Is Royal Caribbean’s Icon of the Seas Cruise Ship Really Sustainable?

On Tuesday, in a ceremony that, of course, involved a soccer ball, the Argentine soccer superstar Lionel Messi pressed a button and a bottle of champagne smashed against the bow of Icon of the Seas, christening the world’s largest cruise ship at its home port of Miami. Like an A-list celebrity stepping onto the red carpet, the arrival of Royal Caribbean’s 250,800-ton ship has captured the world’s attention, with some marveling over its cutting-edge features, like the largest water park at sea, while others criticize the gigantic ship’s potential to damage the environment.

With the capacity to carry nearly 8,000 people, the 20-deck, 1,198-foot-long vessel — whose inaugural cruise with paying passengers departs Jan. 27 — is the size of a small city. There are eight “neighborhoods” packed with amenities that include a 55-foot waterfall, six water slides and more than 40 restaurants, bars and entertainment venues.

According to Royal Caribbean, the ship, which is registered in the Bahamas, also sets a new standard for sustainability with the use of energy-efficient technology designed to minimize the ship’s carbon footprint and move closer to the company’s goal of introducing a net-zero ship by 2035.

“We live by one single philosophy, which is to deliver the best vacations responsibly,” said Nick Rose, the vice president of environmental stewardship at Royal Caribbean Group. “And to do that we build with the core principles of sustaining our planet and communities.”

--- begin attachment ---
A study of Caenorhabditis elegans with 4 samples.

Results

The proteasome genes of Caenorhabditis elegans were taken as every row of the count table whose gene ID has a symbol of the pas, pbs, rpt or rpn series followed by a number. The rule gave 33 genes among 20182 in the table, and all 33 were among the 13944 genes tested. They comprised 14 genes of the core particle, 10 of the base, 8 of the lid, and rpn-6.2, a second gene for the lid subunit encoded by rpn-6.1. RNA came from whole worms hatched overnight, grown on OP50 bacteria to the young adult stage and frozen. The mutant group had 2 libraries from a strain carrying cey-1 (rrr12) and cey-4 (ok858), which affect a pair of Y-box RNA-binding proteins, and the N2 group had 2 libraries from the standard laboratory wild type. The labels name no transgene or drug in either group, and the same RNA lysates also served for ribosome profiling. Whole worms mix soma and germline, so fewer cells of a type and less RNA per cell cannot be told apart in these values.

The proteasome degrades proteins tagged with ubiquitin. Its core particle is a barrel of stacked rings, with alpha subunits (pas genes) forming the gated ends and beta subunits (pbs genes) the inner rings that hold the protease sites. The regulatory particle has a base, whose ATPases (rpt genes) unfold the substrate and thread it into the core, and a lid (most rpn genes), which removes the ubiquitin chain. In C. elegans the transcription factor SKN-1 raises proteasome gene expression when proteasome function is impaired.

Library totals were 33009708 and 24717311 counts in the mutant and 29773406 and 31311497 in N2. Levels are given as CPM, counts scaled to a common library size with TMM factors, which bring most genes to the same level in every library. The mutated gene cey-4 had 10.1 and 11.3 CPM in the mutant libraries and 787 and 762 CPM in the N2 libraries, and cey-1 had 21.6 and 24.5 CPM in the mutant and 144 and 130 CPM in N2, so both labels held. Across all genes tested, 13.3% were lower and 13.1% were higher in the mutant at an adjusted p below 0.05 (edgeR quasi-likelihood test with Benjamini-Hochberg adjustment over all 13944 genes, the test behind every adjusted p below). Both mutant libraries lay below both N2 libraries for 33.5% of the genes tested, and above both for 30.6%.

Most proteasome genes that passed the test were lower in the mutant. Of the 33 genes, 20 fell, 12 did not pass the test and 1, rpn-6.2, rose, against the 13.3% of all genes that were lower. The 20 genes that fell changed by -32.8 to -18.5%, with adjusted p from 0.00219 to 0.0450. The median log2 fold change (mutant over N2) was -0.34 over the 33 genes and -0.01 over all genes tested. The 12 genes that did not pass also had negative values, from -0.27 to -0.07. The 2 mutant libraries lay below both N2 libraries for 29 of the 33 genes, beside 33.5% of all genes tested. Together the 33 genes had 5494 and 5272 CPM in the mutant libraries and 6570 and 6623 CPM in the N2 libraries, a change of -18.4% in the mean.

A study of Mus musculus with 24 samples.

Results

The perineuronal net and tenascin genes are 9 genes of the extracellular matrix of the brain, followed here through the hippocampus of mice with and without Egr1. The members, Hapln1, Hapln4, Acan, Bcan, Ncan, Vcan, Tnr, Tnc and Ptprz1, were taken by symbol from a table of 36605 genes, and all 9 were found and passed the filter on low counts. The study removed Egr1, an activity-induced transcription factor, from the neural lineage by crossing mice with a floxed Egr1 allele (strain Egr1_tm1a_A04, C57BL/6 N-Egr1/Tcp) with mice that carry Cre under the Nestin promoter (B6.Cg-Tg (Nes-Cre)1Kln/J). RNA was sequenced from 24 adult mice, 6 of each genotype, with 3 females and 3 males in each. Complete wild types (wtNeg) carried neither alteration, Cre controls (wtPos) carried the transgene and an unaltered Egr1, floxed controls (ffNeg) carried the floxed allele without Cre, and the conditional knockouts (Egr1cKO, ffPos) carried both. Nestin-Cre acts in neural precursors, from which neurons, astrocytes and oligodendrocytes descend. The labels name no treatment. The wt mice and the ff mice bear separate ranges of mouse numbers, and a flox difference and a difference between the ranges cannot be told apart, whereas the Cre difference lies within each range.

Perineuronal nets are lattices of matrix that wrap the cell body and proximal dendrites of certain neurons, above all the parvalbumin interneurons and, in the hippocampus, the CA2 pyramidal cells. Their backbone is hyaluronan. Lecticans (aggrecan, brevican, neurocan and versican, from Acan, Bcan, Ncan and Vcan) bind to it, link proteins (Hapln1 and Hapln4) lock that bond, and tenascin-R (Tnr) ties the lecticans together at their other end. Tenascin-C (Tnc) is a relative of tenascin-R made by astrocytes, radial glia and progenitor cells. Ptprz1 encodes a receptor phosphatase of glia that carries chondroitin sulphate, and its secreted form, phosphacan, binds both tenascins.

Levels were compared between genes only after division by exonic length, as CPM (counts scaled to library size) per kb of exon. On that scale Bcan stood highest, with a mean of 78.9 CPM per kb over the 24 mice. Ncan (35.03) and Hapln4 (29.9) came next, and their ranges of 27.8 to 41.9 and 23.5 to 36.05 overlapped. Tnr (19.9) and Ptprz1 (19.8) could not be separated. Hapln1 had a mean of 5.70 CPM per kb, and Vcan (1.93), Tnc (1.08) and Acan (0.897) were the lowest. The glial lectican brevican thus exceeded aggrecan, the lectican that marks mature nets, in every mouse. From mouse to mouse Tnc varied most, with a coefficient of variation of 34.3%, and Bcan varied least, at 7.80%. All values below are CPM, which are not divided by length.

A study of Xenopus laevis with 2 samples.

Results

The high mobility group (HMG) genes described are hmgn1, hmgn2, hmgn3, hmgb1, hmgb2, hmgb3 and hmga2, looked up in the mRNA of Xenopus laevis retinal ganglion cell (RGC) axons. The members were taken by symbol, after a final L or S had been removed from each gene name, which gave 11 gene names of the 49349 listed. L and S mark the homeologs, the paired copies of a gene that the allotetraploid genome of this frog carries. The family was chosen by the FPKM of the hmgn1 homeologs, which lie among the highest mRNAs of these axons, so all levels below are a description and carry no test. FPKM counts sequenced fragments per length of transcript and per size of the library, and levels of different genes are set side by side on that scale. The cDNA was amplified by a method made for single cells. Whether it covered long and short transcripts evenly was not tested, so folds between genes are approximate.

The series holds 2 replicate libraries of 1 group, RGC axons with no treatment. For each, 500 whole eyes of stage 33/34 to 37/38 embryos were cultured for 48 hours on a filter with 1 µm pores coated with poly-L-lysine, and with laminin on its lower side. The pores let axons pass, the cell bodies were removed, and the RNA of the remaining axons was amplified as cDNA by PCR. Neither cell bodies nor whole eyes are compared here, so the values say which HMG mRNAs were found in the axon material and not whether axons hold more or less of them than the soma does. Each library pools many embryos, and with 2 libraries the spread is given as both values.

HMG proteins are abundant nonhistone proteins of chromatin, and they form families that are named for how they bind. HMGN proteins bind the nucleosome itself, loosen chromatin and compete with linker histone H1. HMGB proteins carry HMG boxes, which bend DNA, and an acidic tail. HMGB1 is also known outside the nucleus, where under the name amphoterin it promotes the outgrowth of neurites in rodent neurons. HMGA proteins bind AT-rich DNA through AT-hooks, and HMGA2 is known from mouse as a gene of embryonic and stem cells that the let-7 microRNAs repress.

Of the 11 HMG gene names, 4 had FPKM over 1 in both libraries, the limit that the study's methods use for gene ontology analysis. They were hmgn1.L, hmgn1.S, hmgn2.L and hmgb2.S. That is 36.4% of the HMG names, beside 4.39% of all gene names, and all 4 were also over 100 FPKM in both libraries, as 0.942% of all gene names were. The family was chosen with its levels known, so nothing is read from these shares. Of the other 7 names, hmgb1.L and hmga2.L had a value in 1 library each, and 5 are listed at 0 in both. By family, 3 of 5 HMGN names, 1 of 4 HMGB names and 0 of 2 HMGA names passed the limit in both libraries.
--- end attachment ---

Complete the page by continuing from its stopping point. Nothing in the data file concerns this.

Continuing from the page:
For decades the cruise industry has been criticized for its negative impact on the environment. A 2021 study published in the Marine Pollution Bulletin found that despite technical advances, cruising remains a major source of air, water and land pollution affecting fragile habitats and human health.

While environmental groups have welcomed some of the features on Icon of the Seas, like its advanced water treatment system, some say building such huge ships is contrary to the cruise industry’s long-term goals of sustainability and preservation.

“The ships are getting bigger and bigger and that is the wrong direction for the cruise industry to be going,” said Marcie Keever, director of the Oceans and Vessels Program at the environmental organization Friends of the Earth. “If you were really thinking about sustainability and not your bottom line, you would not be building a cruise ship with a capacity of nearly 10,000 people.”